RAISING HOPE: Virginia Wesleyan Mission Trip Inspires Student Documentary on Human Trafficking Recovery Program

RAISING HOPE: Virginia Wesleyan Mission Trip Inspires Student Documentary on Human Trafficking Recovery Program
WINNING WORK: John Davis's film "Nica Esperana" won Best Student Documentary Short at the 2015 Bare Bones International Film & Music Festival. The 2015 Virginia Wesleyan graduate will begin pursuing a master's in film and electronic media at American University this fall.
WINNING WORK: John Davis’s film “Nica Esperana” won Best Student Documentary Short at the 2015 Bare Bones International Film & Music Festival. The 2015 Virginia Wesleyan graduate will begin pursuing a master’s in film and electronic media at American University this fall.

Recent Virginia Wesleyan graduate John Davis ’15 wants to change the world. But instead of using political prowess, advanced technology, or complicated algorithms, he plans to use something else: his video camera.

For the last four years, Davis has traveled to Nicaragua on an annual Spring Break Mission Trip organized by the College’s Chaplain’s Office. There, the group worked with House of Hope, a rehabilitation organization for survivors of human trafficking and sexual exploitation. Deeply impacted by this experience, Davis wanted to give back but didn’t know how.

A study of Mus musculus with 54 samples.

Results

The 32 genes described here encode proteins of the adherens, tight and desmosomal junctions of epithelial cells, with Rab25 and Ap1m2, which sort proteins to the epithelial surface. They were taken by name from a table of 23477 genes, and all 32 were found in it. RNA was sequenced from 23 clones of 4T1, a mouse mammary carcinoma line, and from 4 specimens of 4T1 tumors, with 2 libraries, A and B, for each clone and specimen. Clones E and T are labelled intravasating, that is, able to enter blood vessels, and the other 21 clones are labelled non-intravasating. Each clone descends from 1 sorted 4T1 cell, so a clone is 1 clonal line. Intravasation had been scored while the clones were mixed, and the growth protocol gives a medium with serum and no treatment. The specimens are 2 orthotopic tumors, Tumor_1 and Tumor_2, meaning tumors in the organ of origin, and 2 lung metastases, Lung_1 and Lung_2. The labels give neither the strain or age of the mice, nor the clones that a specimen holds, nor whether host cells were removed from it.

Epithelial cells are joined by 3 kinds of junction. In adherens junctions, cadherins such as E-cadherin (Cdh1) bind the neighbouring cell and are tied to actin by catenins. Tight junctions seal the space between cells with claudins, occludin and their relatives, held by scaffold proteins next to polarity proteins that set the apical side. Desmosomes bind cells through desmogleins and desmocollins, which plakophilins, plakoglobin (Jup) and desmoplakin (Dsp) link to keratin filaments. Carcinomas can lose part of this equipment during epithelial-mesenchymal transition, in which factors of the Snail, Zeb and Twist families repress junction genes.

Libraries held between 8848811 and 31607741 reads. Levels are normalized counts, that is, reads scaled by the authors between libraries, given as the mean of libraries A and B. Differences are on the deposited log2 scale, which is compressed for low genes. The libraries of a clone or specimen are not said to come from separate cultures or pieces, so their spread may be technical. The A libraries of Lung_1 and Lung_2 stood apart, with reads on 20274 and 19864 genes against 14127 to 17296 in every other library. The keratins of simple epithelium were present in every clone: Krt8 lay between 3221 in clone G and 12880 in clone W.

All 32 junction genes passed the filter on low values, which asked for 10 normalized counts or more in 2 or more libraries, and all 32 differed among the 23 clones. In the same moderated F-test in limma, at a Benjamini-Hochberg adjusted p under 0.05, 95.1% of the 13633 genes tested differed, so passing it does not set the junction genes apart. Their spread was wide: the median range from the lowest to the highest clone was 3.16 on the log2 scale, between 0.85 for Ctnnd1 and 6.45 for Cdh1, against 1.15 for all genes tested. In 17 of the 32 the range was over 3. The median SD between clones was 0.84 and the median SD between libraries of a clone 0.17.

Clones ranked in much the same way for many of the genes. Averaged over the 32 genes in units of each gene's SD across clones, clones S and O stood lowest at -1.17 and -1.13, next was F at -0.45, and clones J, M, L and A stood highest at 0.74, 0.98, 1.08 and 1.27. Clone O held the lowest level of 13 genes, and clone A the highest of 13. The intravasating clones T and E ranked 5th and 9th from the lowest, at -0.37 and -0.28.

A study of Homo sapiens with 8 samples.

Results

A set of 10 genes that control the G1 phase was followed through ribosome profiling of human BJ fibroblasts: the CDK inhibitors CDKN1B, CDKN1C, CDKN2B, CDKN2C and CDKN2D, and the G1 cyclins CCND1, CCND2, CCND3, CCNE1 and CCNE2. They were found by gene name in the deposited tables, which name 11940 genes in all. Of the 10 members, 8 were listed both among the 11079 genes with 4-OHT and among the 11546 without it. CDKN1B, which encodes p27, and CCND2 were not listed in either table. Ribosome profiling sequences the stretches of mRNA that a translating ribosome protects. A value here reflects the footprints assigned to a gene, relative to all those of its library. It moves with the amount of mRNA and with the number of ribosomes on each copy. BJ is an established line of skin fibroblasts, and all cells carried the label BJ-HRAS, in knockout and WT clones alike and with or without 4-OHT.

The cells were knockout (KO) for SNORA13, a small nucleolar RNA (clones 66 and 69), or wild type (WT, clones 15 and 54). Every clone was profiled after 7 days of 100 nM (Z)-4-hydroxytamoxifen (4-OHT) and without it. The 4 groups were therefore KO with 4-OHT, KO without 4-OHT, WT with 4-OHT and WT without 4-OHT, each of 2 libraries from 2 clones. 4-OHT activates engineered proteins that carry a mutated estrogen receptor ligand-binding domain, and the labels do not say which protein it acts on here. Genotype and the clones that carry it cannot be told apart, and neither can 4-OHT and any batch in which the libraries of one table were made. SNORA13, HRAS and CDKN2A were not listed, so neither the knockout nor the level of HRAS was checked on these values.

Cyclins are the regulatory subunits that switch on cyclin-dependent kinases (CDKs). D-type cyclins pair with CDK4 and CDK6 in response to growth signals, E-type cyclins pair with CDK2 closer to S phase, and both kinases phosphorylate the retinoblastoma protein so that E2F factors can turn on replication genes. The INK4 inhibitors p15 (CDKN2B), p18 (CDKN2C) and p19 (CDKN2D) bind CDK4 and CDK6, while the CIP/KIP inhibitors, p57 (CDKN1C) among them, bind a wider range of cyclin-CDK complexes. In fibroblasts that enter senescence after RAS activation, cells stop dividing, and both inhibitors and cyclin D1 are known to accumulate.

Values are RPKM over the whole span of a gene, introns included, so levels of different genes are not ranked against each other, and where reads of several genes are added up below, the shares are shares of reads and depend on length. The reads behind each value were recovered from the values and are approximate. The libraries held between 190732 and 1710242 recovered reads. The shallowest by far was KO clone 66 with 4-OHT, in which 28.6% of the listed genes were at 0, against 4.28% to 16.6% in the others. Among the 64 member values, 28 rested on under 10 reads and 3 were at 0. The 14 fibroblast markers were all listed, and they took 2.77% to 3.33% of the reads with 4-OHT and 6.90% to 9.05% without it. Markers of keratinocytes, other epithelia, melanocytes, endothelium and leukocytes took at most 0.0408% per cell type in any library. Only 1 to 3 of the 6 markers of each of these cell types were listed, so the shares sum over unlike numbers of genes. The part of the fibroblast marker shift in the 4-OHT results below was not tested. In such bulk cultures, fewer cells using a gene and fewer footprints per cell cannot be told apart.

“Before going to Nicaragua, I was clueless about third world countries and how people in them live,” says Davis, a native of Kailua, Hawaii. “I had very little knowledge about the problems they face. House of Hope provides a safe space for a select number of women—most of whom are raising children—to live and educate themselves and earn a little bit of money while learning a trade.”

The communication major and history minor began to conceptualize a project in November 2013 that would allow him to give back. Around the same time, VWC Professor of Communication Stu Minnis approached him about a collaborative independent study of documentary film. The two ideas clicked and the foundation for a film about House of Hope was formed. That spring, Davis returned to Nicaragua armed with his video camera.

The result was “Nica Esperanza,” a 10-minute documentary that showcases House of Hope’s Tuesday Morning program—a worship and work initiative that combines faith and jewelry making. The program gives trafficking survivors hope and offers them an opportunity to forge a better life for themselves and their children.

“I want people who are absolutely clueless on the issue of human trafficking and sexual slavery to come away wanting to learn more and wanting to help with the solution,” he says. “If there was an organization like House of Hope in every country, the world would get a whole lot closer to solving this horrifying crisis.”

In April, Davis presented “Nica Esperanza” at the Bare Bones International Film & Music Festival in Oklahoma, where it won Best Student Documentary Short. This was a turning point for the young filmmaker, who says it helped him discover what he wanted to do with the rest of his life. This fall, he will begin pursuing a Master of Fine Arts in Film and Electronic Media at American University.

But his own personal achievements aside, Davis hopes that viewers will see his film and recognize the importance of organizations like House of Hope. Moreover, he hopes it compels them to action.

“It’s going to take a lot of people’s efforts to solve this crisis,” he says. “And you cannot solve a problem you do not know about.”